A Quantum of Solace Guzman on the Classical Mechanics of International Law Book Review of Andrew Guzman
Andrew Guzman: How International Law Works: A Rational Choice Theory (Oxford University Press, 2008), DOI: 10.1093/acprof:oso/9780195305562.001.0001
Citable Link (URL):https://doi.org/10.3249/1868-1581-1-1-goldmann
First published (peer reviewed)
Göttingen Journal of International Law; Vol. 1, Nr. 1, p. 219-227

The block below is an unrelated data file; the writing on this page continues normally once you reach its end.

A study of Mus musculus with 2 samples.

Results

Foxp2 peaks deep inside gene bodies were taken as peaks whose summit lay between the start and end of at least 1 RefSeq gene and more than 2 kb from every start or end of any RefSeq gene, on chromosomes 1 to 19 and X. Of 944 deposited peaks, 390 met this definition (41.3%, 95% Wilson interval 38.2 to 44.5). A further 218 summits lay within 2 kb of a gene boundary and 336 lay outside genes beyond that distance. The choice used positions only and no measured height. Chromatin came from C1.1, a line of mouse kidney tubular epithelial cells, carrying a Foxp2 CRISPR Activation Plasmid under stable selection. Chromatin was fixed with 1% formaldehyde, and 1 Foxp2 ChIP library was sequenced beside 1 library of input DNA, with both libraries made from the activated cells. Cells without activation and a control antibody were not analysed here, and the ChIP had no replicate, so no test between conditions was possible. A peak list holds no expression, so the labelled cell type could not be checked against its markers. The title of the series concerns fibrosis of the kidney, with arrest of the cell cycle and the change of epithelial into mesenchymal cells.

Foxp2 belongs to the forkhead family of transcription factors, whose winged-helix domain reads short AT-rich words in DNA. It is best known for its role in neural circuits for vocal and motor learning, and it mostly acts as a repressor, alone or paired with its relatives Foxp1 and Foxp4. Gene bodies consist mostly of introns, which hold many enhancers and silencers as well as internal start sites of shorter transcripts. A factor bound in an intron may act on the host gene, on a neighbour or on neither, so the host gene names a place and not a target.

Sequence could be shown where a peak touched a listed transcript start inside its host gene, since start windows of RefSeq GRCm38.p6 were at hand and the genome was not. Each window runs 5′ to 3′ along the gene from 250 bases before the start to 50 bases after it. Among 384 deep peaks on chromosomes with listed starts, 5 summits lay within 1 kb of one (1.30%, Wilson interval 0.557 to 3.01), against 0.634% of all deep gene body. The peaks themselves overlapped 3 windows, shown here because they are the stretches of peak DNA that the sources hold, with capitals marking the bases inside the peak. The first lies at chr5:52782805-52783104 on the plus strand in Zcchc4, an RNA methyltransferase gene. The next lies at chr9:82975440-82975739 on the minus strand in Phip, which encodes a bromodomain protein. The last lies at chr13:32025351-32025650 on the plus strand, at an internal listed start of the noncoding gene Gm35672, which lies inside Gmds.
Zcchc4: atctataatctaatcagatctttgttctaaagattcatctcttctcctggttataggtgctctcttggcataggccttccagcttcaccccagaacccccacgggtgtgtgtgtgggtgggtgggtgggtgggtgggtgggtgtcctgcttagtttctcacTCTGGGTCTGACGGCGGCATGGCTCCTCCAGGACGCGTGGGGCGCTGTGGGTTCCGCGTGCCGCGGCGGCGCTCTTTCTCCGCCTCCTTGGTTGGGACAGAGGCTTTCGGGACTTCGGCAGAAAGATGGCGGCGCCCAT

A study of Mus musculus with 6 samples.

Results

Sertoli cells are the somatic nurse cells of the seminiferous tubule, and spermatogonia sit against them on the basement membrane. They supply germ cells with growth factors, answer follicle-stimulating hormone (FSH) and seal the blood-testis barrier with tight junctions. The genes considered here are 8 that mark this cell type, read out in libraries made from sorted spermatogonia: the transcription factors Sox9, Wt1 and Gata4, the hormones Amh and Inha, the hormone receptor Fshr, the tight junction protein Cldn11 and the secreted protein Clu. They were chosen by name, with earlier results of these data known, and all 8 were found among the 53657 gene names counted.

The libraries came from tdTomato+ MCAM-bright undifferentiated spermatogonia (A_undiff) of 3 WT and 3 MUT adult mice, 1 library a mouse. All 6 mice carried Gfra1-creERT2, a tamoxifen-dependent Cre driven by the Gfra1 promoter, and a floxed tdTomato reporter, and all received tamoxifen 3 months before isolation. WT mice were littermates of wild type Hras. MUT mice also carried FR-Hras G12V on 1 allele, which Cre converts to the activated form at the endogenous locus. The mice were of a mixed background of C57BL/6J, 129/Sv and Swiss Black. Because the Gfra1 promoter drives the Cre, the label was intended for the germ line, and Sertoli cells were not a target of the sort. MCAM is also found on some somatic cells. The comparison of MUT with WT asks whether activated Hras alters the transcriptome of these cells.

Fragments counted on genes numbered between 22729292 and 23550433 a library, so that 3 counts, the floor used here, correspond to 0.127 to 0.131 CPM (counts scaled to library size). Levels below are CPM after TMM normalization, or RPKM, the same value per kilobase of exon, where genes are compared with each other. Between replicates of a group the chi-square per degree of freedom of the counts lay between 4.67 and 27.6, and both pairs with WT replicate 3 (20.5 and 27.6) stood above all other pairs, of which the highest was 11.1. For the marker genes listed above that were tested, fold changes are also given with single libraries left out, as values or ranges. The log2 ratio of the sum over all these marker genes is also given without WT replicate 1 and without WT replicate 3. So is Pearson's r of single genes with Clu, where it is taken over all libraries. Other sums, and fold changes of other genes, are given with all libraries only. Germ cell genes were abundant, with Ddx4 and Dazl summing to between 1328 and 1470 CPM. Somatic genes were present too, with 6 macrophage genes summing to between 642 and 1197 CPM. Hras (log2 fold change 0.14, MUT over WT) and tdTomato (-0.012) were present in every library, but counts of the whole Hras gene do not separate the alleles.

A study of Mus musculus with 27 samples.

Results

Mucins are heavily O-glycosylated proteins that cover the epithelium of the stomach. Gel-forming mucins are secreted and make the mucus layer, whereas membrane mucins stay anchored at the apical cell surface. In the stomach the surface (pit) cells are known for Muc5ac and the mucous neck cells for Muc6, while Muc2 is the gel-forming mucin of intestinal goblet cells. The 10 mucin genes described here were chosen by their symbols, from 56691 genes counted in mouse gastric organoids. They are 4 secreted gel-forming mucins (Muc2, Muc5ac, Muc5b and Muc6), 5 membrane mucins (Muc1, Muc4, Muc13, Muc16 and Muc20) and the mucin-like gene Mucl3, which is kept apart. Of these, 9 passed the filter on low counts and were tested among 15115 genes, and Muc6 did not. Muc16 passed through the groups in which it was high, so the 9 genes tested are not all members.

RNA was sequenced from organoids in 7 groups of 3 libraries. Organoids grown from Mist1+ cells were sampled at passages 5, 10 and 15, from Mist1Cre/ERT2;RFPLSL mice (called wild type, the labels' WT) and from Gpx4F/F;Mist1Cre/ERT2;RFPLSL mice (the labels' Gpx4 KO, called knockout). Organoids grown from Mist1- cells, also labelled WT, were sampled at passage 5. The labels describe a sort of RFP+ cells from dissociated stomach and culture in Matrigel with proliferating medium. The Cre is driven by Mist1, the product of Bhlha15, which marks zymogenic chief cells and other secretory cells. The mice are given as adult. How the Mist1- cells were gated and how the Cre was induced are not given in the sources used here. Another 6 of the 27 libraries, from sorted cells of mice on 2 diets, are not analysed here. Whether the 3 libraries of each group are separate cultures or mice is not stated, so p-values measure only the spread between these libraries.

A. Compared to the discipline of international law, scholars of physics are blessed. While the principles of classical mechanics were theorized several centuries ago, quantum theory and the theory of relativity offer supplementary ways for describing how material objects and energy interact where classical mechanics does not provide an explanation. Thus, even in the absence of an all-comprising “world theory”, physicists have a wide array of workable theories at their service. By contrast, the “classical mechanics” of international law, i.e. the explanation of the most basic causal relationships between international legal norms and the behaviour of states as the main subjects of international law, are still subject to deep theoretical controversies. International legal doctrine presupposes that international law does have an impact and does not aim at questioning or further explaining this assumption. Traditional legal theories that see the essence of legal normativity in the possibility to trigger mechanisms of physical constraint often come to the conclusion that international law, in the absence of central enforcement mechanisms, is at best a primitive form of law. More recent enquiries into international legal theory from very different theoretical angles come to even less uplifting conclusions. Some argue that international legal norms are either entirely devoid of content because of their inherent indeterminacy and therefore prone to be captured by special interests. Others consider international law to be merely epiphenomenal because rational states would only consent to legal norms if, and as long as, they describe a behaviour they would choose anyway because it promises higher payoffs. In particular the latter critique put forward so forcefully by Jack Goldsmith and Eric Posner sent considerable shock waves through the invisible college of international lawyers. This is the background that needs to be kept in mind in order to assess the quantum of solace that Andrew Guzman’s new book provides.